What's the best way of implementing this kind of sorting algorithm?

I don't care too much about performance but the collection could potentially become big (let's say half a million tops).

Any Help Appreciated!


up vote 7 down vote accepted

I would recommend calculating the Levenshtein distance and then simply ordering by the integer result. (Magic code)

public void Example()
    string target = "target";

    List<string> myStings = new List<string>();


    myStrings = myStrings.OrderBy(each => Levenshtein(each, target)).ToList();

public int Levenshtein(string stringA, string stringB)
    // Magic goes here
    return 0;

Without OrderBy for the old skool 2.0 guys?

List<string> myStrings;

public class LevenshteinCompare: IComparer<string>
    public int Compare(string x, string y)
        // Magic goes here
Levenshtein is commonly use for spell checkers, so L("doog","dog") and L("dag", "dog") both = 1. The first being "add o" the second being "swop a for o" –  Dead account Mar 25 '09 at 10:36
Just as a matter of interest - if I was implementing in .NET 2.0 how would you substitute the OrderBy + Lambda expression? –  JohnIdol Mar 25 '09 at 11:19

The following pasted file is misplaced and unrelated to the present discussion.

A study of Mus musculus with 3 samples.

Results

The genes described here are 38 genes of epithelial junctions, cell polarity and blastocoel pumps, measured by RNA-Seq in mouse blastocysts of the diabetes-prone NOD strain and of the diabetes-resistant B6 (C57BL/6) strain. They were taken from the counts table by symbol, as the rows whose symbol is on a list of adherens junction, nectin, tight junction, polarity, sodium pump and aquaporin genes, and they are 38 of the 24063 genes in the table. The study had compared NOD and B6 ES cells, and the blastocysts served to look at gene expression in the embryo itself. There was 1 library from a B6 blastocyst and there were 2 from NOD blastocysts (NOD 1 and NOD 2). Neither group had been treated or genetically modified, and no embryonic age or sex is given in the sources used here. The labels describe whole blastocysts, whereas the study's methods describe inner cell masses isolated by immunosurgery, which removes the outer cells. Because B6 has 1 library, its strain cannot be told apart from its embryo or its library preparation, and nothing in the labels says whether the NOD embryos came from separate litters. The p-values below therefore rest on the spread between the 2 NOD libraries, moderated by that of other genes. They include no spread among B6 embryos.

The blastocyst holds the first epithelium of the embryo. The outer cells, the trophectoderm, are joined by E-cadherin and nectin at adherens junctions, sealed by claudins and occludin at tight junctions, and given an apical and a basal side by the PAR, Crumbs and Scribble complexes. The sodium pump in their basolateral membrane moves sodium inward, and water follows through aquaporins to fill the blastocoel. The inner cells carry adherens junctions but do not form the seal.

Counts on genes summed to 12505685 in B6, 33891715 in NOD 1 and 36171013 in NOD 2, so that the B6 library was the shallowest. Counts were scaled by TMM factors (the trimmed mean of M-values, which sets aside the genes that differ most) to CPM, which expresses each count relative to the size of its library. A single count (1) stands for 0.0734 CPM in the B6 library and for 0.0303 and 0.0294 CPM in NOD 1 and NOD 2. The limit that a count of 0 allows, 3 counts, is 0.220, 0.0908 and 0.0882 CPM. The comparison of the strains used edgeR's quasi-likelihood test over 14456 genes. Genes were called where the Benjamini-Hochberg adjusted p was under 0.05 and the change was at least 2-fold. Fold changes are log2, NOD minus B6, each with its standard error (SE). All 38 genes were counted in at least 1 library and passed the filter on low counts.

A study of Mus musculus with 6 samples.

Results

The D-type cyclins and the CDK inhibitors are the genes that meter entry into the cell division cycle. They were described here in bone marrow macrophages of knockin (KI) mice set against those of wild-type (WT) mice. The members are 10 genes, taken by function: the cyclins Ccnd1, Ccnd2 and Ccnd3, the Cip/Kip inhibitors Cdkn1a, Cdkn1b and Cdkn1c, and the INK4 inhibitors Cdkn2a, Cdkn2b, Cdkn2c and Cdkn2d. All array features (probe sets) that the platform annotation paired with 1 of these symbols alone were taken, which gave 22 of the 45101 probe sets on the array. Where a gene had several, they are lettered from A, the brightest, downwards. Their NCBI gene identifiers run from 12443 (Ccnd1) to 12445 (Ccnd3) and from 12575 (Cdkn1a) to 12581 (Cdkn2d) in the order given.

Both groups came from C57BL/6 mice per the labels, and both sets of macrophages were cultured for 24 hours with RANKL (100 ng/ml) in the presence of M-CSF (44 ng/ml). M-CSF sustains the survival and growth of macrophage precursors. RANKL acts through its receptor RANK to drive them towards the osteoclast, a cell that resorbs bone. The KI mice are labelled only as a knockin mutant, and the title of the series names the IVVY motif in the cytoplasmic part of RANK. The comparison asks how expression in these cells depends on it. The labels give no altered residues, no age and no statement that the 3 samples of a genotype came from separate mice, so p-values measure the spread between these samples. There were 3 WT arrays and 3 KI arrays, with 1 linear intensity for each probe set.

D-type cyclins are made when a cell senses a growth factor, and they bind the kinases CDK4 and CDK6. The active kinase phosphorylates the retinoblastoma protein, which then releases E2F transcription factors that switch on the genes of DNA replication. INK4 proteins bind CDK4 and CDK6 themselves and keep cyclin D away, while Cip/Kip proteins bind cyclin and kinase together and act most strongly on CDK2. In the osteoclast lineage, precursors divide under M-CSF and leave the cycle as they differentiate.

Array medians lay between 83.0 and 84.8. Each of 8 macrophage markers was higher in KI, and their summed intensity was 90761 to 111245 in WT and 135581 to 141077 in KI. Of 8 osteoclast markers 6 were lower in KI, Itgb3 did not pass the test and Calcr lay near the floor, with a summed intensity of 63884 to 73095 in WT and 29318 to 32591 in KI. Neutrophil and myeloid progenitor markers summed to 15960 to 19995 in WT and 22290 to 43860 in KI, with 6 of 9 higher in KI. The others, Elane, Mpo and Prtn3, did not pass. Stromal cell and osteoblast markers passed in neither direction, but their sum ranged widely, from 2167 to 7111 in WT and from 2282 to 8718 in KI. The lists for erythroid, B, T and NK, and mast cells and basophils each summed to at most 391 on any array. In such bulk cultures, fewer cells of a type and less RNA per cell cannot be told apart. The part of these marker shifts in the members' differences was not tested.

nice stuff - thanks for helping –  JohnIdol Mar 25 '09 at 11:44
I've got a problem with this - it compiles and build fine but I can't debug into the Levenshtein method (the breakpoint doesn't get hit) and it looks like it is not ordering! Any idea? –  JohnIdol Mar 26 '09 at 2:57

Just to make the Magic Code a little less magic take a look at:




Being tongue-in-cheek, I'd suggest using the library implementation of quicksort, with the distance to the target string as the sorting key.

That's of course not a helpful answer. Why not? Because what you really want to know is "What's a good difference metric for strings?"

The answer to the real qusetion is, sadly, "it depends"; it depends on which properties of the distance you care about.

That being said, read up on the Levenstein Distance and what it really says about the strings.

You can modify the basic algorithm to skew the metric in favor of identical characters occurring in long runs by fiddling with the weighting of different steps in the dynamic programming matrix.

You can also use the Soundex algorithm, which says something about which strings sound similar (but that works best for short strings; I don't know what kind of input you use).

If the strings are of equal length, you can also use the hamming distance (count the number of indexes where the strings differ). That can probably be generalized to something by counting (unilaterally) non-existing indexes as always different, which gives you something Levenstein-like (kinda' sorta' maybe).

The short version: it depends. I've given some input, but I can't say which is going to be a good decision for you without some more information from you.